Atazanavir Exposure in Utero May Have an Effect on Infant Development

Children whose mothers took atazanair while pregnant showed lower language development scores
Children whose mothers took atazanair while pregnant showed lower language development scores

Infants whose mothers took atazanavir had small but significant effects on language and social-emotional development, compared to other non-atazanavir-containing antiretroviral regimens, a study published in AIDS has shown. 

Atazanavir is a protease inhibitor drug sometimes included in antiretroviral regimens to prevent maternal-fetal HIV transmission during pregnancy. Previous studies suggested possible delay in language development in infants whose mothers received atazanavir during pregnancy. Scientists from the Pediatric HIV/AIDS Cohort Study (PHACS) group evaluated data on 917 infants who were born to HIV-positive mothers but did not acquire HIV infection. All mothers took antiretroviral therapy during pregnancy to reduce the risk of HIV transmission. 


Researchers found lower language development scores for infants whose mothers took atazanavir, particularly in mothers who initiated therapy in the first trimester as well as during the second or third trimesters. Scores were about 3 points lower in the atazanavir-exposed infants group, compared to an average score of 93.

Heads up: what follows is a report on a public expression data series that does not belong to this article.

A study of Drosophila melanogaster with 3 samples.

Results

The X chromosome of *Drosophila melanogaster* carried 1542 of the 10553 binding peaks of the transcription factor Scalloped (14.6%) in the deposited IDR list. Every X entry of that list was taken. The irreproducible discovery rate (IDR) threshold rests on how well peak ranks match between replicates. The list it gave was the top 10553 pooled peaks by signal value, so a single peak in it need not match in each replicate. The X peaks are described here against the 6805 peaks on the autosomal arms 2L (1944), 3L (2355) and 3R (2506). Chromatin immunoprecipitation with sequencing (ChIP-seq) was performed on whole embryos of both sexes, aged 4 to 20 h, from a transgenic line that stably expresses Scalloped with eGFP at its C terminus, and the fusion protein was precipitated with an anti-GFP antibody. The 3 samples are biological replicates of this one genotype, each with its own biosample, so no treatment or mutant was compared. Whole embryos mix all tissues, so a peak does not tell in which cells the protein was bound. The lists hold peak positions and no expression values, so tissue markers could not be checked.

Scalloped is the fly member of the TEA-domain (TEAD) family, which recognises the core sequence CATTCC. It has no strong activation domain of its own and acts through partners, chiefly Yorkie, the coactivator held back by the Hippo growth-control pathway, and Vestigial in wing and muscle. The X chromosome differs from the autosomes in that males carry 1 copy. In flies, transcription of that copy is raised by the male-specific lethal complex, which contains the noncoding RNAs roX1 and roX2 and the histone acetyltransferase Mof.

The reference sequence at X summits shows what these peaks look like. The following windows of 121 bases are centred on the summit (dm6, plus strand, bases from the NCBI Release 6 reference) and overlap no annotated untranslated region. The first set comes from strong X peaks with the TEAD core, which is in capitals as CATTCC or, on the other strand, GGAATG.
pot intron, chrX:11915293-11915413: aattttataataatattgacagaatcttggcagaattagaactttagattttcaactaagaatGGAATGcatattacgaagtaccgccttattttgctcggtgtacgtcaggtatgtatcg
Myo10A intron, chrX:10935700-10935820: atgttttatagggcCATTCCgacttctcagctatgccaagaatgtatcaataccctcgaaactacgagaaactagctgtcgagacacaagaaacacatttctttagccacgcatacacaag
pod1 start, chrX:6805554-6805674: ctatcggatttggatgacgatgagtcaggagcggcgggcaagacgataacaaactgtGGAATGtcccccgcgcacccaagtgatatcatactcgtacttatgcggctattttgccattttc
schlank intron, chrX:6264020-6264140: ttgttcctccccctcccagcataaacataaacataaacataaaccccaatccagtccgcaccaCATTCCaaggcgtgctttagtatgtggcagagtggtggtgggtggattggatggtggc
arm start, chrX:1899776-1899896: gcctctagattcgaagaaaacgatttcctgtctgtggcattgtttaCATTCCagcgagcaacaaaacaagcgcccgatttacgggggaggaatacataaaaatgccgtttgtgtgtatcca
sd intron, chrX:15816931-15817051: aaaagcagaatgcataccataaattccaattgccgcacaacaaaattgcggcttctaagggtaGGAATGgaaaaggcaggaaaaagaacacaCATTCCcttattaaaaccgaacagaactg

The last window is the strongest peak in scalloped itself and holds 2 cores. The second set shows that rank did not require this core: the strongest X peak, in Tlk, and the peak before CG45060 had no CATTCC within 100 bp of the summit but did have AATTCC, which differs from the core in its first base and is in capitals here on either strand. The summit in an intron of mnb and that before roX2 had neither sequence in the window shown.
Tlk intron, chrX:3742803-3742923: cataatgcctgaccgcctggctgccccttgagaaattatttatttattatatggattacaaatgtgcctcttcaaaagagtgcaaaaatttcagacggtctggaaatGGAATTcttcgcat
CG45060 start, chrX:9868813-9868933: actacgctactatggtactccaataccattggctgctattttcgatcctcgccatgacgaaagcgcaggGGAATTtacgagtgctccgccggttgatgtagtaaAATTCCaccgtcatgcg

Lower scores for social-emotional development were also seen in infants whose mothers took atazanavir. The difference in scores was only significant among infants whose mothers initiated therapy during the second or third trimesters and not the first trimester. Scores were about 5 points lower in the atazanavir-exposed infants group, compared to an average score of 100. 

Scores for cognitive, motor (movement), and adaptive behavior were similar for infants exposed and unexposed to atazanavir. The average scores were within normal range for all Bayley III subscales. Researchers concluded more studies are needed to assess whether these differences last beyond age 1. Additional issues to address include the mechanism of atazanavir in which these developmental effects occur and whether there is an association to the drug tenofovir, which is commonly used with atazanavir.